Why Progressives Need God – Review
Why Progressives Need God: An ethical defence of monotheism, by John Clatworthy, November 2017. Christian Alternative, ISBN: 978-1780997742, 392 pages. RRP: £14.99 (paperback)
Reading this book, I was full of admiration for the informed way that a self-confessed liberal Christian went in to bat on behalf of the monotheistic God. In the end though I am afraid that the argument did not fully convince me nor particularly fire my imagination. I need something more gritty and disruptive when sensing God’s presence in the world. I am no longer confident that I could define progress in such an abstract way without looking at concrete situations and circumstances. So when we are told that “progress means change for the better: better for everyone, not some at the expense of others”, I wonder what that progress might look like and where we should look to see that progressive world unfolding. I would also be cautious about claiming that the religious montheism has been at the forefront in defending progress; there are instances when the secular institutions seem to be more progressive – thinking, among other things, about the place of women and same sex relationships.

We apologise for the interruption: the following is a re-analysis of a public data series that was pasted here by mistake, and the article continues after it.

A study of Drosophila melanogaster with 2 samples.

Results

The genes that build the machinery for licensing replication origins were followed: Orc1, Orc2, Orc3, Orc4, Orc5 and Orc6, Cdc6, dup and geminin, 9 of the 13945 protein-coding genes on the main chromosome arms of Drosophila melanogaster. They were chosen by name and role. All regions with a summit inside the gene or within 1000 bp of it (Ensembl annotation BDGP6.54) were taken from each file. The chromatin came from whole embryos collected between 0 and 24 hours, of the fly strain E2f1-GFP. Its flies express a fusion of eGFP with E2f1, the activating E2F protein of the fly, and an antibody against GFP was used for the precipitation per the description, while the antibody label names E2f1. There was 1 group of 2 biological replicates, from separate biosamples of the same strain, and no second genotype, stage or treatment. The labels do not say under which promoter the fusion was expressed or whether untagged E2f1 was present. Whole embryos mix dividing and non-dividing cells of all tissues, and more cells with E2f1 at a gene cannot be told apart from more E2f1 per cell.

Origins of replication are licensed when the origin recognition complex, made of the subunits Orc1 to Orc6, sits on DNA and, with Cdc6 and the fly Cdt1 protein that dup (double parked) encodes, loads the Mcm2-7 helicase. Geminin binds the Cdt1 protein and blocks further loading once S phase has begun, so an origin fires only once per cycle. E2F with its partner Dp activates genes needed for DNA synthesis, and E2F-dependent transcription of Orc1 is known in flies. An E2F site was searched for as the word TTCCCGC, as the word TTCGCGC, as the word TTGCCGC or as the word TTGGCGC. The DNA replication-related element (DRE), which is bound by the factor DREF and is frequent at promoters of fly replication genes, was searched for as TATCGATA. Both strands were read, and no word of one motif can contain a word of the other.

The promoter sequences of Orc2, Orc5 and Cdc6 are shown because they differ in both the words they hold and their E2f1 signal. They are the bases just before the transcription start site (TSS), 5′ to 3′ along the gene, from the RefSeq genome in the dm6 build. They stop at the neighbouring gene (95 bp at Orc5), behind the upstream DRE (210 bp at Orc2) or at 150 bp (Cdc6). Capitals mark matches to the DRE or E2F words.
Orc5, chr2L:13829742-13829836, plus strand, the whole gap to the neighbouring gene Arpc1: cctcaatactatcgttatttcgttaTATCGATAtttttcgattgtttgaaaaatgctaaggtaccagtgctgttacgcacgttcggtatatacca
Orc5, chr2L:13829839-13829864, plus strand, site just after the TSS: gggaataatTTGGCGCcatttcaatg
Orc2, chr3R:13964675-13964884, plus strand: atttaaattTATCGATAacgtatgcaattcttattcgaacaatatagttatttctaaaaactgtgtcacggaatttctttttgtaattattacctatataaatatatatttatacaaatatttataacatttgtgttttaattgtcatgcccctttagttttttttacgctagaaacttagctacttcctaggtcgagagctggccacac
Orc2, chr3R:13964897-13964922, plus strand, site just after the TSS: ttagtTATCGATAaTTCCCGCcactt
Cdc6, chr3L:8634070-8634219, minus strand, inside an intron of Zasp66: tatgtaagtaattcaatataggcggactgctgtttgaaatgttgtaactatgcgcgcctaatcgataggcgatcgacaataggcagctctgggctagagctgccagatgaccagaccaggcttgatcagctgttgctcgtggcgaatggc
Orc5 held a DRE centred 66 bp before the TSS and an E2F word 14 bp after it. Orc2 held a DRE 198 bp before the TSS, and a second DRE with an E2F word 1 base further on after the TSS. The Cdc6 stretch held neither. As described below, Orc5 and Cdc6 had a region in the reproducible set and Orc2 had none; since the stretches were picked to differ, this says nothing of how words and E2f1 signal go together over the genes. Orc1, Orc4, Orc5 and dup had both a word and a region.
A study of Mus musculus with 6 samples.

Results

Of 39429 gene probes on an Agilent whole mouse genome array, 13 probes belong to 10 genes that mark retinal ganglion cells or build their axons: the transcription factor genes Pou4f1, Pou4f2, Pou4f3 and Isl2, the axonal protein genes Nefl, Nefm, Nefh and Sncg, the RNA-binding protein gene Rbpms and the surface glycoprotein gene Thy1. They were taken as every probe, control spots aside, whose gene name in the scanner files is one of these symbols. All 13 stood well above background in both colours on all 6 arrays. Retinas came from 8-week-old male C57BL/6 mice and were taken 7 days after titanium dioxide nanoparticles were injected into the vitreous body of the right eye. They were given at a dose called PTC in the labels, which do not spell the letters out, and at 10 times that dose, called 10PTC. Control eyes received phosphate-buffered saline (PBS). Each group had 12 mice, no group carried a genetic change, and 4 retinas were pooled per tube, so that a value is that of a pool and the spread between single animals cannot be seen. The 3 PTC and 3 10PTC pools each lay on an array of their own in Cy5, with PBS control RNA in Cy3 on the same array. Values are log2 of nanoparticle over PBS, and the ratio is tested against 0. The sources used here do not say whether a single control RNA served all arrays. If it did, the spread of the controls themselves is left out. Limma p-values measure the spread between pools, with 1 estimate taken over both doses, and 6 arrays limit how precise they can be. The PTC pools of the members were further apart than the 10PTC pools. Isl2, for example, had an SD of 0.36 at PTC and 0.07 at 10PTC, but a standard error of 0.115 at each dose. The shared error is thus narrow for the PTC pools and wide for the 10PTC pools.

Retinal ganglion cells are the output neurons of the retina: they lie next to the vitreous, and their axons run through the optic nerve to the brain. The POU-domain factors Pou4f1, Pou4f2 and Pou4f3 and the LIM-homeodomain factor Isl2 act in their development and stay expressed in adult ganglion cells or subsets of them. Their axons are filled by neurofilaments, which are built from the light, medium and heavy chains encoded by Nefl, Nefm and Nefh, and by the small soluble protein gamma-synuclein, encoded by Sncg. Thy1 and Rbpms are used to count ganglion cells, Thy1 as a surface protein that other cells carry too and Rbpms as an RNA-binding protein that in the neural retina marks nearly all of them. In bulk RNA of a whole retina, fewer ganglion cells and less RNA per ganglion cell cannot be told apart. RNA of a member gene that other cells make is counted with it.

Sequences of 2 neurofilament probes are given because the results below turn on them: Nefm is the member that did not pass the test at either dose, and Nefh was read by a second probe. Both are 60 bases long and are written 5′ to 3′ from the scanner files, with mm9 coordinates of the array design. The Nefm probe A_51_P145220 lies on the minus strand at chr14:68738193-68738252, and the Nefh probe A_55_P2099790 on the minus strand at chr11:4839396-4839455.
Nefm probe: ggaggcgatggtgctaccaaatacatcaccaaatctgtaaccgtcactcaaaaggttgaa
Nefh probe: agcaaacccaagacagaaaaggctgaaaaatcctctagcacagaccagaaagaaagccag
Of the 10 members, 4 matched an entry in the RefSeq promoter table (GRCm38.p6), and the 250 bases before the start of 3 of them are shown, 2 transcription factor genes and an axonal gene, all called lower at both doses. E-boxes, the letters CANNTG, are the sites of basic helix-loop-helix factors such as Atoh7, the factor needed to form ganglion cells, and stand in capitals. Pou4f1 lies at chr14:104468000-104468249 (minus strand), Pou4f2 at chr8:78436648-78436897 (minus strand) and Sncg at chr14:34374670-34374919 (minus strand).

I am writing this at the start of the Climate Change conference in Poland where David Attenborough warned the gathering leaders that we face the greatest threat for thousands of years. Progress in this area seems notable only by its absence. The author recognises that we face multiple, competing crises and he claims that the way forward is for us to find right solutions that transcend every government – enter monotheism. God is almost the backstop guarantee on which we can fall back as an authority of last resort. It would be good to hear about what those right solutions are, not just to believe that there are right solutions, and where signs of hope can be discerned. Progress seems to me to be inescapably particular.
The outlook of the book is optimistic – there are solutions to our present crises and monotheism is the building brick on which those solutions can be constructed but again, some concrete examples drawn from our present circumstances about how this could work in practice, in the everyday, would have been helpful. I too am optimistic but less in broad brush ideas than in the creative resilience of people and protest movements locally and globally – all variously inspired. I would also have found it helpful for a closer look at the whole area of values and desires; the question asked by St Augustine, “what do I love when I say I love God” is a question that should always haunt us and humble us in our claims.